According to the Convention on Facilitation of International Maritime Traffic, 1965, as amended, (The FAL Convention), a stowaway is defined as “A person who is secreted on a ship, or in cargo which is subsequently loaded on the ship, without the consent of the shipowner or the Master or any other responsible person and who is detected on board the ship after it has departed from a port, or in the cargo while unloading it in the port of arrival, and is reported as a stowaway by the master to the appropriate authorities”.
The majority of stowaways are found on board bulk, container and general cargo vessels. Car carriers are also over-represented in stowaway data compared to other vessel types.
As shown in the image above, stowaway cases were increasing steadily prior to 2004. Following the introduction of the International Ship and Port Facility Security (ISPS) Code in 2004 there has been a drop in the number of reported stowaway cases.
However, it seems that the numbers are now increasing.
Whilst the number of incidents nearly halved during the 11-year period from 2007 to 2017, the number of stowaways decreased by less than this because the number of stowaways per incident has increased by nearly 50%, from 2.3 per incident in the 2007 policy year to 3.3 per incident in 2017.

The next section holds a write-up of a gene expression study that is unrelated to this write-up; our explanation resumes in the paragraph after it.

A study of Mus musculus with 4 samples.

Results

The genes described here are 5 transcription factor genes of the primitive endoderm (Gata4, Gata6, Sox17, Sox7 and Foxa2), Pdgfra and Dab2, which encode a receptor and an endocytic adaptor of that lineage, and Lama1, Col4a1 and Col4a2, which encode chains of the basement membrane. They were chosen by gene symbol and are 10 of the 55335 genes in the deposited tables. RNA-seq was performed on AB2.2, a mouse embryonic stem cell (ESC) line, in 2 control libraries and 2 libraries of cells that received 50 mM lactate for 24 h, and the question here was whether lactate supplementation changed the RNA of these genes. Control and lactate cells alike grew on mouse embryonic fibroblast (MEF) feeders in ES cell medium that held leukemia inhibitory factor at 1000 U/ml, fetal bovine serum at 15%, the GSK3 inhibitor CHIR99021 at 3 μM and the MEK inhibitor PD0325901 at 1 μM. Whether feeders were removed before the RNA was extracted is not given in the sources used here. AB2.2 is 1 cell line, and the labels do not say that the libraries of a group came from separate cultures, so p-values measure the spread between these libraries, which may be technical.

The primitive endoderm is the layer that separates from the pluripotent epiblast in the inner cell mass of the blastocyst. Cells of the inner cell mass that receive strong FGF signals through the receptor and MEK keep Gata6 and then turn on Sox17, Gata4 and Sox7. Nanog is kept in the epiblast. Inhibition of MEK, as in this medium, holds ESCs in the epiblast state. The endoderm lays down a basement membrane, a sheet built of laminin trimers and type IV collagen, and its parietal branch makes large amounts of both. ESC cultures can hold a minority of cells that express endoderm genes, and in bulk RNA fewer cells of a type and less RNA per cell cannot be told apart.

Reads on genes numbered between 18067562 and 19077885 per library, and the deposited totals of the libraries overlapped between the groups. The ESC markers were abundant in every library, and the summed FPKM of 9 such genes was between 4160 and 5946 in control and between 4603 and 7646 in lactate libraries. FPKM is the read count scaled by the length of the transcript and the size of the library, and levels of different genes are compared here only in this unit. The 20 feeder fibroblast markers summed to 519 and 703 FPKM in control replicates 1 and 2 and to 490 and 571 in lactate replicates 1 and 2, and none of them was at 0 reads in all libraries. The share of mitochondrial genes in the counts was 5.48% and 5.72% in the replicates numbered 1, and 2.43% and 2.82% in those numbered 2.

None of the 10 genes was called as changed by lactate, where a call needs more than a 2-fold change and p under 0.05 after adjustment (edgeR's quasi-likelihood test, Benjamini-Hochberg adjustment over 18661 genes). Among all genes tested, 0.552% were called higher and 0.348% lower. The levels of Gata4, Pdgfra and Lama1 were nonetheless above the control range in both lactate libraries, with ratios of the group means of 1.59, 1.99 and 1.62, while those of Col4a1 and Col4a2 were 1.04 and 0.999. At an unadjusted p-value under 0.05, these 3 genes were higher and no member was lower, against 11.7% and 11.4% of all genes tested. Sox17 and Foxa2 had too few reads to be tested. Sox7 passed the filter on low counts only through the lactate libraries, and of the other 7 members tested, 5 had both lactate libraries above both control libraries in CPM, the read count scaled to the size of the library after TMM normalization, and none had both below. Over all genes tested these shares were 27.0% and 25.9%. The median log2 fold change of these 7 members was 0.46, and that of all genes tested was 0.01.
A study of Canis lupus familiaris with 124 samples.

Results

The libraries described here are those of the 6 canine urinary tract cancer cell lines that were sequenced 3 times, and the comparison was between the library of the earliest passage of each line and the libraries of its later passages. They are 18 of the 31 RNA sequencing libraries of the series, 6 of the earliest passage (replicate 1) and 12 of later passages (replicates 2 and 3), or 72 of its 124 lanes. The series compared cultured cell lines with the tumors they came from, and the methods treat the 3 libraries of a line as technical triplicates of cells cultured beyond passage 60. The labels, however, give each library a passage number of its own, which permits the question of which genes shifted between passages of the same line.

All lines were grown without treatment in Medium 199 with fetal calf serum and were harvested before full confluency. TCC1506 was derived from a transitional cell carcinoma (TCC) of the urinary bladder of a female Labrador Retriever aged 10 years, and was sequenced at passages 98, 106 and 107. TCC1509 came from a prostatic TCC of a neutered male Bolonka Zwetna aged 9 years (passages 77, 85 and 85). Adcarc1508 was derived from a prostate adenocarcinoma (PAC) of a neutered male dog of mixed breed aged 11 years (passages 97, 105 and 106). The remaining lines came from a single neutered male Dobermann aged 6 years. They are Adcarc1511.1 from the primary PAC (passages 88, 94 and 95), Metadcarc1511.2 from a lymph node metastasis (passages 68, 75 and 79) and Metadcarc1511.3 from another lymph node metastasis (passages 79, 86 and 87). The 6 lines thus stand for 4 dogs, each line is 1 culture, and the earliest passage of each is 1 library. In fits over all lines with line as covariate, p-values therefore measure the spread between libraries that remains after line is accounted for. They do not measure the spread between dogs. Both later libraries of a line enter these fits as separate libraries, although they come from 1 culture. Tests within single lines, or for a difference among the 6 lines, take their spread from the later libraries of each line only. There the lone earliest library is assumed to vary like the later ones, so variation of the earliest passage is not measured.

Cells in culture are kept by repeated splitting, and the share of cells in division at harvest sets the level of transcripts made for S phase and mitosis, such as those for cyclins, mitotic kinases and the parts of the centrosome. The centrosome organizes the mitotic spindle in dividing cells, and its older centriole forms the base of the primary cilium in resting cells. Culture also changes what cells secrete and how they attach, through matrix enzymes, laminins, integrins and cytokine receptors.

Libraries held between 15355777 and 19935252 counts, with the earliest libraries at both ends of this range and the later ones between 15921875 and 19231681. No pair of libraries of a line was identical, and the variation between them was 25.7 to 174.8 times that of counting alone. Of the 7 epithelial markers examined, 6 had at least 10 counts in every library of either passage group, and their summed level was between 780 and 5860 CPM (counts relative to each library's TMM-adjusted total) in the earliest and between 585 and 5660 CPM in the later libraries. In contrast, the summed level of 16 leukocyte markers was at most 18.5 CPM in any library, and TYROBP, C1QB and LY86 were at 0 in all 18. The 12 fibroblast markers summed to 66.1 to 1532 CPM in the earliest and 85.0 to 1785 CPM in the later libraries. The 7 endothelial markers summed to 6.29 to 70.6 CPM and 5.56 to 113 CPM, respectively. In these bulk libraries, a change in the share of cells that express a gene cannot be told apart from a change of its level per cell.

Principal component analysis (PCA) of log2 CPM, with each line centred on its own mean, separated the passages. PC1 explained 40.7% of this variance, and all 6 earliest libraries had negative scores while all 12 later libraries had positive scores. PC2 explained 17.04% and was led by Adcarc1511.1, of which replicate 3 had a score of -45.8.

It is stated that the costs involved in taking care and repatriating stowaways can be substantial. The repatriation of stowaways is difficult and generally involves moving reluctant people across several continents.
In 2002, the cost to ship insurers of each stowaway case was approximately USD 7,000 averagely. However, by 2008 this figure had increased significantly, to just over USD 18,000 (excluding the applicable deductibles paid by the Member).